Will US courts take aim at credit-card interchange?

By Felix Salmon
January 12, 2012
Dan Freed has an amazing story today about credit-card interchange fees -- the ones which weren't touched at all by the Durbin amendment in the Dodd-Frank bill.


The threat here is very real: Visa has already put more than $4 billion in a litigation escrow account, and the card companies’ potential liabilities are much smaller than those of the big banks. Deutsche Bank analyst Bryan Keane says that total damages “could total a couple of hundred billion dollars”, and that’s backed up by some back-of-the-envelope math:

JPMorgan’s 10-K gives no specific numbers regarding its exposure, but notes that, “based on publicly available estimates, Visa and MasterCard branded payment cards generated approximately $40 billion of interchange fees industry-wide in 2009.”

Those numbers cited by JPMorgan would appear to point the way to a very large settlement, since the case covers eight years and counting — from 2004 through the present. Eight times $40 billion is $320 billion, and an influential 2005 report on price-fixing by Purdue University economics professor John Connor that looked at 700 cartels going back to the 1600s found a median overcharge rate of 25.5%. But even if one assumes an overcharge of just 10% — the figure used by the Justice Department in its antitrust cases — that would suggest $32 billion of overcharges over eight years. That number, however, would be trebled, as is the rule in antitrust cases, meaning damages could conservatively be estimated at $96 billion. If Bank of America had to pay roughly 10% of that, as per its 10-K, the bank would have to cough up $9.6 billion.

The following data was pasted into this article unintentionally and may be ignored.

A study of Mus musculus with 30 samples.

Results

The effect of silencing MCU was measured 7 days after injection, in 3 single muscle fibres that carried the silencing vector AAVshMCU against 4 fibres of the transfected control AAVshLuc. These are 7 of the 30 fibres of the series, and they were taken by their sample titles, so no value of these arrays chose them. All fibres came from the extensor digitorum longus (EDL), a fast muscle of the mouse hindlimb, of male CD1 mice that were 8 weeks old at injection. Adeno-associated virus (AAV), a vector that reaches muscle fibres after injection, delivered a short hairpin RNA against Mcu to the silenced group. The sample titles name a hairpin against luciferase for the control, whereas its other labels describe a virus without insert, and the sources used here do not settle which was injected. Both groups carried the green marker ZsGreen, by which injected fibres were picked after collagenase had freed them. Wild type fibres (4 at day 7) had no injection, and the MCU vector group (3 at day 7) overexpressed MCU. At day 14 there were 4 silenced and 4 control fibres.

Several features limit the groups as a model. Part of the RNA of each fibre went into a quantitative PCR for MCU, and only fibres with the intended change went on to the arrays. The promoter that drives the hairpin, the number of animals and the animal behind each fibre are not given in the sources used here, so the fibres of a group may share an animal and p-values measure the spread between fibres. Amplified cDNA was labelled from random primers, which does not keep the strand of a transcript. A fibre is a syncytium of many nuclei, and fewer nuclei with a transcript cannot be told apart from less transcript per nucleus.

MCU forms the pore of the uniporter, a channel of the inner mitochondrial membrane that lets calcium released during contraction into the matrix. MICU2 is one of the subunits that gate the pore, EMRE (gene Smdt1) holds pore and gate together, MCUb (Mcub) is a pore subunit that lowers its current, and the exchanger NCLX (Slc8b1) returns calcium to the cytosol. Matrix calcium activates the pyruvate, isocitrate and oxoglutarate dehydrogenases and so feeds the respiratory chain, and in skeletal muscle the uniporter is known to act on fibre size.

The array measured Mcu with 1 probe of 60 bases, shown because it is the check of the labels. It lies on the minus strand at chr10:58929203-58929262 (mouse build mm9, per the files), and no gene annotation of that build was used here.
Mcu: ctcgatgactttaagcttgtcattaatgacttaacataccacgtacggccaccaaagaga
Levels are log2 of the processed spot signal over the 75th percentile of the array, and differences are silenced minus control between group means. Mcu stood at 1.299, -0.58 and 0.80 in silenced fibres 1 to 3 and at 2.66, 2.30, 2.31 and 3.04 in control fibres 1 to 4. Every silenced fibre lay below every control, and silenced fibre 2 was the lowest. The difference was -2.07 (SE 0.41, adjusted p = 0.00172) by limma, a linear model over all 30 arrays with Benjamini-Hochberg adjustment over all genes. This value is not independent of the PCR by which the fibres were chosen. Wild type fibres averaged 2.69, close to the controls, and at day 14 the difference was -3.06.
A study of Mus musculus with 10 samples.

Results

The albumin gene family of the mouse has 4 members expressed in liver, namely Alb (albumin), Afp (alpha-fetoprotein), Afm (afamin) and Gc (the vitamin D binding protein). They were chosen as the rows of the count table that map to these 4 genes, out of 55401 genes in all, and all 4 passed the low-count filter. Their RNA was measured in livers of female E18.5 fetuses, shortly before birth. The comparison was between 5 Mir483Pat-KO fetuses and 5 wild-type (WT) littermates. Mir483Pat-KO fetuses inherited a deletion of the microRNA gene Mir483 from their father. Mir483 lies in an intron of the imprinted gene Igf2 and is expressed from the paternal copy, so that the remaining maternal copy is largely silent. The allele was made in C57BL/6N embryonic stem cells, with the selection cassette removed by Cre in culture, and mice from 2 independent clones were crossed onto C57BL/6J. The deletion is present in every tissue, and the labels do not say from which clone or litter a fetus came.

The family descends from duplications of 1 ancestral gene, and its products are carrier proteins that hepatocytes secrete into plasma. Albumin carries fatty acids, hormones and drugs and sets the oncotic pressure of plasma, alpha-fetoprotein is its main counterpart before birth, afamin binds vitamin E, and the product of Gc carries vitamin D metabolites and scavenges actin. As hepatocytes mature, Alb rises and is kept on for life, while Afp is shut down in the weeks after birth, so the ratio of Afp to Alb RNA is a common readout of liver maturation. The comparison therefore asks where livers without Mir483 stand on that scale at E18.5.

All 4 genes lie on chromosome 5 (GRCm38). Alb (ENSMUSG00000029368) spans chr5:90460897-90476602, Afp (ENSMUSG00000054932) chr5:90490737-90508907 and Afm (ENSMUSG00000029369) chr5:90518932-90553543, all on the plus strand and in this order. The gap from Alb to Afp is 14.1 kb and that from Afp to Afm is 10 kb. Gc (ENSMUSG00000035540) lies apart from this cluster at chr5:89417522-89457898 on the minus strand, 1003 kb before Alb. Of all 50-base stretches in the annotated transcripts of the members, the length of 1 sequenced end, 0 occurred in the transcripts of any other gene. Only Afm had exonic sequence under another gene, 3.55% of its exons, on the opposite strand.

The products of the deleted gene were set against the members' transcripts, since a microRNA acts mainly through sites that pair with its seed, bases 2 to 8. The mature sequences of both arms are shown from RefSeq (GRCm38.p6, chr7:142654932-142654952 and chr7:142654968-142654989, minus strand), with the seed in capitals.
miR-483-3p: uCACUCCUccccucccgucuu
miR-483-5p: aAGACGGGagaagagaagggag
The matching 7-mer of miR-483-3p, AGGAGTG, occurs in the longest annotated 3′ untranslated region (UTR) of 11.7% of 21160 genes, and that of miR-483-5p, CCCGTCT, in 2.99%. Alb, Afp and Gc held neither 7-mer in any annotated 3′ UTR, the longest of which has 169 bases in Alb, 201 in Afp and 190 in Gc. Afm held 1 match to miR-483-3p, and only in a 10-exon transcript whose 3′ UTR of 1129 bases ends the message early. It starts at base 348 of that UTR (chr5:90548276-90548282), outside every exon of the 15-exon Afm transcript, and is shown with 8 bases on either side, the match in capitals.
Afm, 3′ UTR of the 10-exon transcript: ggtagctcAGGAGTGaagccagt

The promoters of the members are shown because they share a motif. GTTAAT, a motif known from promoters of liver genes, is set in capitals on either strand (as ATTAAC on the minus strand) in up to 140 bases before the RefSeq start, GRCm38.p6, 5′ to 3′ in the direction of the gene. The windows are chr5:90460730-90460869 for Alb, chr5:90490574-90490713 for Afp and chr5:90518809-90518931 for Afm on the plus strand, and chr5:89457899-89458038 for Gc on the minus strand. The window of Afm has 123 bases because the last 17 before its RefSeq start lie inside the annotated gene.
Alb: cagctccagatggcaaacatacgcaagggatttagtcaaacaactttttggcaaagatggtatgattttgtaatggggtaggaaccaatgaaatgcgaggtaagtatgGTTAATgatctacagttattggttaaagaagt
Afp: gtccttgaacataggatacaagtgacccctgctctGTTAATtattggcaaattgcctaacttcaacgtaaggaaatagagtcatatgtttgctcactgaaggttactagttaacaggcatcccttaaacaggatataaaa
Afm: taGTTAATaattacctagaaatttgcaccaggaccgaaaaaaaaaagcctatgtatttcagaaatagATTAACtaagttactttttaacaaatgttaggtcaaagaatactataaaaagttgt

Freed includes this helpful chart, showing just how high US credit-card interchange fees are when compared to the rest of the world.


Now that Congress has decided quite clearly that it’s not going to regulate credit-card interchange fees, it stands to reason that merchants are going to take their case to the courts. This one will run and run, I’m sure: there won’t be any checks written for a very long time yet. But it’s a huge contingent liability for the banking sector, just as negotiations over a mortgage settlement come to a head. If I were a bank shareholder, I certainly wouldn’t count on credit-card interchange fee remaining at its current inflated levels indefinitely.